Tommy Stinson is coming back to the Mid-South in a big way.

Stinson, a revered rock and roll cult figure who helped co-found Minneapolis alt-rock legends the Replacements at the tender age of 12, has made Memphis a kind of second home over the years.

He recorded the Replacements’ classic 1987 album Pleased to Meet Me and his subsequent band Perfect’s 1997’s debut at Midtown’s Ardent Studios, both with the late producer Jim Dickinson.

Still, it’s been more than a decade since the 45-year-old Stinson performed in town. On Monday he’ll return to the area in rather grand fashion: taking the stage of the DeSoto Civic Center as the bassist for hard rock titans Guns N’ Roses.

Stinson seemed an unlikely candidate for the job when he was recruited to help singer Axl Rose rebuild the band in 1998. Surprisingly, he’s proven to be the perfect foil, becoming Rose’s musical lieutenant and right hand, both through the arduous process of making the band’s Chinese Democracy LP and for the years of, mostly international, touring that’s followed.

The group’s current U.S. tour marks its first proper pass through the States since a series of dates in 2006.

“For this run, we rehearsed for a few weeks, then started touring in South America and we’ve been at in the U.S. for a while now,” says Stinson, calling from a stop in Detroit. “All things considered, the shows have been going really well. We haven’t had any major malfunctions or anything.”

Part of the band’s stability seems to come from the current eight-man lineup. In addition to Rose, longtime keyboardist Dizzy Reed and Stinson, the group has been bolstered with addition of lead guitarist Dj Ashba, who joined in 2009.

“I think he fits in really well,” says Stinson. “Not to diss (former guitarist) Robin Finck or anything, but DJ’s a better fit because Axl and him really get along really well. The stage vibe is a lot lighter and more festive. It’s not like we’re grinding out a set. It’s more fun.”

Although heavy on Guns N’ Roses’ classic hits, the band’s set list on the tour has varied somewhat. “Some nights we’ll get to certain songs, some nights you won’t. We’ve got about 40 songs in the deck — 40 songs we can play at any point, and Axl likes to shuffle the deck a little bit as we go along,” says Stinson. “See what works and what doesn’t, kinda mess around with stuff.”

Stinson adds that he’s been pleasantly surprised at the response given to material off the band’s decade-plus-in-the-making Chinese Democracy, which was finally released in 2008.

“Some of the newer stuff people actually know now that the record has been out for a while. Like, last night (in Toronto), we played a bunch of the stuff off that record and the crowd seemed to know it and respond to it. It makes it more fun to play that stuff when the audience wants to hear it.”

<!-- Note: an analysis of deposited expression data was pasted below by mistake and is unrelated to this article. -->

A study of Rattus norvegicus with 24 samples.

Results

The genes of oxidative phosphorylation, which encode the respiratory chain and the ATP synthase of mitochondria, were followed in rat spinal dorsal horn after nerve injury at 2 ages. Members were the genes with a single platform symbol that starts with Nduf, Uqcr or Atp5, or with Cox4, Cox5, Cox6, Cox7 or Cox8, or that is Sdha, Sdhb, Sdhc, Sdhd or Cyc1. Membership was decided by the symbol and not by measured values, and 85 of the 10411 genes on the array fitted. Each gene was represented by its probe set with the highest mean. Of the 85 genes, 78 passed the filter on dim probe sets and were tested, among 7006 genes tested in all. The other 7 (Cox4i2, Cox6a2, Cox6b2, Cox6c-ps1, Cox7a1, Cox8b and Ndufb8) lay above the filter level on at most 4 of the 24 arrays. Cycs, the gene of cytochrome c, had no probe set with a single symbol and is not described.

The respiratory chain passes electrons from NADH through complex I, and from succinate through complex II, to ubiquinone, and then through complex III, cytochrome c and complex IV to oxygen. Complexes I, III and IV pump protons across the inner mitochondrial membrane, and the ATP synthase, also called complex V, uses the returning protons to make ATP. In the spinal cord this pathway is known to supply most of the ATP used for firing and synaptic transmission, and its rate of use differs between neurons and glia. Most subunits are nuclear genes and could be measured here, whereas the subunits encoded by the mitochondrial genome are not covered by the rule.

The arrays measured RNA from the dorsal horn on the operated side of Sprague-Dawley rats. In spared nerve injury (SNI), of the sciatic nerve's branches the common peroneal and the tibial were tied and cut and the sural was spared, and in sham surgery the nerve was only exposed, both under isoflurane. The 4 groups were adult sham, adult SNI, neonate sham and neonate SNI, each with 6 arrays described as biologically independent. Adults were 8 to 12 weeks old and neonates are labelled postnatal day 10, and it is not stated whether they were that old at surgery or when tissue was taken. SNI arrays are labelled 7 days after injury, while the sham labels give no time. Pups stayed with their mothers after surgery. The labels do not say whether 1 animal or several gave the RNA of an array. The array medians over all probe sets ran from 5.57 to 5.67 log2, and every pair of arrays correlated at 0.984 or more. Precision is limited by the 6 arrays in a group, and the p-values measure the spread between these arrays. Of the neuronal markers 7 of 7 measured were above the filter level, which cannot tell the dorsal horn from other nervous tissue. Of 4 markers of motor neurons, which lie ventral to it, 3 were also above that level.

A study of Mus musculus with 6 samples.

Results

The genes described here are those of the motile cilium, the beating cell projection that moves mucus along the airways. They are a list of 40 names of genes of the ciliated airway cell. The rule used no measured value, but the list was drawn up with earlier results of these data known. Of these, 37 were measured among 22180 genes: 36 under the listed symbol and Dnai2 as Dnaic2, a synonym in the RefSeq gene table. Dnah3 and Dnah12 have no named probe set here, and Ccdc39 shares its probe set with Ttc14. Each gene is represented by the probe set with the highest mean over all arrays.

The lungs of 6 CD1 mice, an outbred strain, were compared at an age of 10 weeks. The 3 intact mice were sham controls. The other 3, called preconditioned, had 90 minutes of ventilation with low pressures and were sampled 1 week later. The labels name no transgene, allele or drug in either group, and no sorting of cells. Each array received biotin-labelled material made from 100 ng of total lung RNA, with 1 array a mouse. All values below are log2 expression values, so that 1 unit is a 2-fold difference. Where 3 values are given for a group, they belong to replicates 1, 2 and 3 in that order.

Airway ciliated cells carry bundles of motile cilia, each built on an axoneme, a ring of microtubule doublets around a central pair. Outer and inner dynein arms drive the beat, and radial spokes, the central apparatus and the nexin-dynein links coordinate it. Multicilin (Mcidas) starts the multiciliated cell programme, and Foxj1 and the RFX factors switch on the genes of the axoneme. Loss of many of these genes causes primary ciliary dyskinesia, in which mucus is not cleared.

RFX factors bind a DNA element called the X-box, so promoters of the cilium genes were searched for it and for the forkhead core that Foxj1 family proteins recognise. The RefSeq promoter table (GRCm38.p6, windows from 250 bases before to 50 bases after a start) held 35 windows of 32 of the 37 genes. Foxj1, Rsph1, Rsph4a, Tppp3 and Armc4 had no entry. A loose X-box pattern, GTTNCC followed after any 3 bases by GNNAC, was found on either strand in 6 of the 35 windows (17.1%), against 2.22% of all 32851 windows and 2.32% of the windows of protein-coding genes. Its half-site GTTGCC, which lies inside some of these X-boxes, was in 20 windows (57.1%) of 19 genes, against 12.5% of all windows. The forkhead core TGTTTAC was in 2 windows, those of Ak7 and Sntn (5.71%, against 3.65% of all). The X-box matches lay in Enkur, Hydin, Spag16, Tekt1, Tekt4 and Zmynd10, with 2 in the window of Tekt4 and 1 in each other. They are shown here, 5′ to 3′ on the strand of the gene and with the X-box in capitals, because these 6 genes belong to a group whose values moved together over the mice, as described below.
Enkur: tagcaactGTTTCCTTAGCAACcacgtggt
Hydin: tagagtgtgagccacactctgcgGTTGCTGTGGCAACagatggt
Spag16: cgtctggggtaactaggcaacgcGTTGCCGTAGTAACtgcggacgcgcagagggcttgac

Although the group is playing arenas on the current tour, the stage show spectacle remains an over-the-top affair, similar to what stadium audiences in South America witnessed recently.

“We have the same production, oddly enough, that we had down there. It’s a pretty massive show for the size places we’re playing,” says Stinson. “There’s a lot more moving parts, a lot more stuff in general. More lights, more concussion bombs, flames, all the rock shenanigans you wanna see if you go to a show like this.”

Stinson’s job does have its occupational hazards. “There’s been some hair singed here and there,” he says, chuckling. “But that’s part of the gig.”

As has been the case in recent years, Stinson has been getting his own spotlight during the concerts, frequently singing a cover of the Who’s “My Generation” or the Dead Boys’ “Sonic Reducer.” A favorite among the hardcore GN’R contingent, Stinson adds that he’s actually encountered plenty of fans of his former band, the Replacements, on the road.

“There’s a surprising amount of crossover. It’s stunning, actually,” he says. “Whenever we get in contact with the fans it’s pretty interesting to see how many people have Replacements and Guns records. I’ve signed autographs for both records at any given point all over the world. Which is really funny to me; I never would’ve thought the two paths would’ve ever crossed.”

As to his path, Stinson — who released a fine solo album, One Man Mutiny, earlier this year — says he’ll continue to work on his own projects while looking towards the future with GN’R, one that may include a follow up to Chinese Democracy.

“There’s nothing etched in stone, but I can see us go into a writing mode in the new year,” says Stinson. “If there’s gonna be a new record, we’re going to have to start working some stuff out. But it’s just talk right now.”